Usage of Hemp

What do we use Hemp for?

Hemp is an incredibly versatile plant used by humans for at least 5,000 years (and counting). What do we use hemp for? The question should be, what don’t we use it for! Hemp is one of those “wonder plants” that allow us to make almost anything from them. Its products include rope, textiles, clothing, shoes, food, paper, construction materials, bioplastics, insulation, and biofuels. The uses for hemp are almost limitless and, now that we’re finally adding CBD oil derived from hemp plants to the list, it might be worth examining some of the uses of this incredible plant and the gifts it just keeps on giving.

The 2018 Farm Bill saw hemp and hemp products made federally legal in the United States. The decriminalization of hemp moved its status from a dangerous drug (not really) to a beneficial crop with many uses, most of which benefit the economy, American farmers, and the American public in general. 

The hemp plant has found its way into many aspects of daily life, and each instance brings yet another valuable gift from this remarkable plant. 

Hemp Seeds 

Hemp seeds contain heart-healthy fats like omega 3, omega 6, and omega 9. In addition, they are a rich source of B-vitamins, minerals (manganese, phosphorus, magnesium, zinc, and iron), and a great source of daily fiber. Hemp seeds, or Hemp hearts as they are sometimes called, are often pressed to extract their oils for food preparation as they provide an excellent nutrient-rich oil for things like salad dressings. The nutritional benefits of hemp seed oil are well established with hemp seed oil proving to be beneficial in lowering blood pressure, improving skin condition, and promoting heart health.

Among the many uses of versatile hemp seed is that it can be turned into a protein powder, milk, and even flour for baking. Hemp seed flour is a practical gluten-free flour alternative with a high fiber and protein content. Hemp flour is often a preferred choice of consumers as it is both a nut-, and dairy-free baking alternative. One of the valuable by-products of cold-pressing hemp is the creation of defatted hemp seed cake, which is usually turned into a protein powder that can easily be added to drinks or smoothies as part of a dietary, weight-maintenance regimen. 

Hemp Milk

No, you can’t milk a hemp plant. But you can blend the seeds with water and strain it to leave the seed “milk” behind. This milk has more protein and heart-healthy fats than almond milk and fewer calories than cows’ milk. With its traditionally nutty, earthy, and grassy flavor, this delicious drink adds a plant-based alternative to any diet. 

Paper 

One of the principal uses for hemp plants has been in the creation of paper. Starting in China and eventually making its way to the west in the 13th century, paper manufactured from hemp has been the preferred writing tool for civilization since, well… since civilization began. Why is it preferable to wood-based paper, you ask? Hemp contains less cellulose than wood which makes the hemp paper surface softer, more durable, and less susceptible to cracking or breaking. Hemp is a fast-growing, prolific crop, which means one acre of hemp will produce the same amount of paper as 4-10 acres of trees over a 20-year cycle, making hemp the more durable, more sustainable, and more environmentally friendly option.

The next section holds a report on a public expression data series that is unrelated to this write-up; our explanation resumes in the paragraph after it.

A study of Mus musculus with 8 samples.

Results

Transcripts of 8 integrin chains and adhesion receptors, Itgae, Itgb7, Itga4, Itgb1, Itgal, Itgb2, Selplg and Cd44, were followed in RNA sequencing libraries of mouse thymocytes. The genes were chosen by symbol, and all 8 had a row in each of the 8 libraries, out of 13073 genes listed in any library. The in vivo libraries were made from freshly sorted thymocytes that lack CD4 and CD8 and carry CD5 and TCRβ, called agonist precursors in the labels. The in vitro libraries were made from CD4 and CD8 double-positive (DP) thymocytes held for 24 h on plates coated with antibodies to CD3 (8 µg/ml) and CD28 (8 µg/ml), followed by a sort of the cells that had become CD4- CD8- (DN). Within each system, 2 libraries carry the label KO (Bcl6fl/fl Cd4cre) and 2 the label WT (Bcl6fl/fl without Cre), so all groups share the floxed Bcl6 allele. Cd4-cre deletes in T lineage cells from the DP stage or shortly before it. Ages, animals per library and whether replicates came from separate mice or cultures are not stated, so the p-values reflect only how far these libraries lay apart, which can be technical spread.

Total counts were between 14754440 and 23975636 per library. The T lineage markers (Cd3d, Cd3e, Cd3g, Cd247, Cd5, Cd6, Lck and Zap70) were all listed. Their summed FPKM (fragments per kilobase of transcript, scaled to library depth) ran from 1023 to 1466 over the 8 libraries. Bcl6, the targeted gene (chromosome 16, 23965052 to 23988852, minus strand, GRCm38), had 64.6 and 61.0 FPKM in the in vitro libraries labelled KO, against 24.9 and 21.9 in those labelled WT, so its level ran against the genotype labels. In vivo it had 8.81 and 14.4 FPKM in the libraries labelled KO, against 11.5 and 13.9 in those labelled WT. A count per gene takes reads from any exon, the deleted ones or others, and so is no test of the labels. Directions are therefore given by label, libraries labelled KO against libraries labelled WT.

Is there anything else we can use hemp for?

Funny, you should ask! Hemp is starting to make inroads into the construction industry. The core of the hemp plant, or Hurd, makes for excellent insulation that has shown promise as a waterproof and fire-resistant building material.

Clothing, Fibers & Plastic killer

Hemp has consistently been recognized as an excellent fiber that can be turned into fabrics, ropes, and twines. In the days before cotton production came to dominate the global fabrics market, hemp was a principal source of cloth for clothing. In its final state, hemp clothing has a soft finish much like linen, and is hard-wearing. Hemp is also currently being used to make a kind of “bio-plastic,” which is easily degradable and a million times more environmentally friendly than traditional plastics from the petrochemical industry. 

Why we use hemp for our CBD Oil 

The latest use for versatile hemp is as the principal raw material for CBD oil extraction. Soulsome uses only the raw hemp flowers for cold-pressed CBD oil extraction and blends these oils with a carrier oil made from 100% organic hemp seed oil (all the goodness of hemp seed oil is discussed above). Soulsomes’ raw hemp flower CBD oil extract offers a wide range of wellness benefits for its customers and, by sticking to hemp oils, we provide a product that is both healthy and infused with CBD goodness. Hemp, by definition, must also have less than 0.3% THC in its chemical makeup. This ensures that a full-spectrum CBD oil like Soulsomes’ does not make the user feel “fuzzy” or “high” as the psychoactive THC component is only present in extremely low quantities. This is beneficial however because the small quantities of THC contribute to the entourage effect of Soulsomes’ CBD oil, providing even more full-spectrum benefits for the user.

Disclaimer

The information contained in this post is for general information purposes only. These statements have not been evaluated by the Food and Drug Administration. This product is not intended to diagnose, treat, cure or prevent any disease. Please consult your healthcare practitioner to make sure that CBD oil is the right choice for you.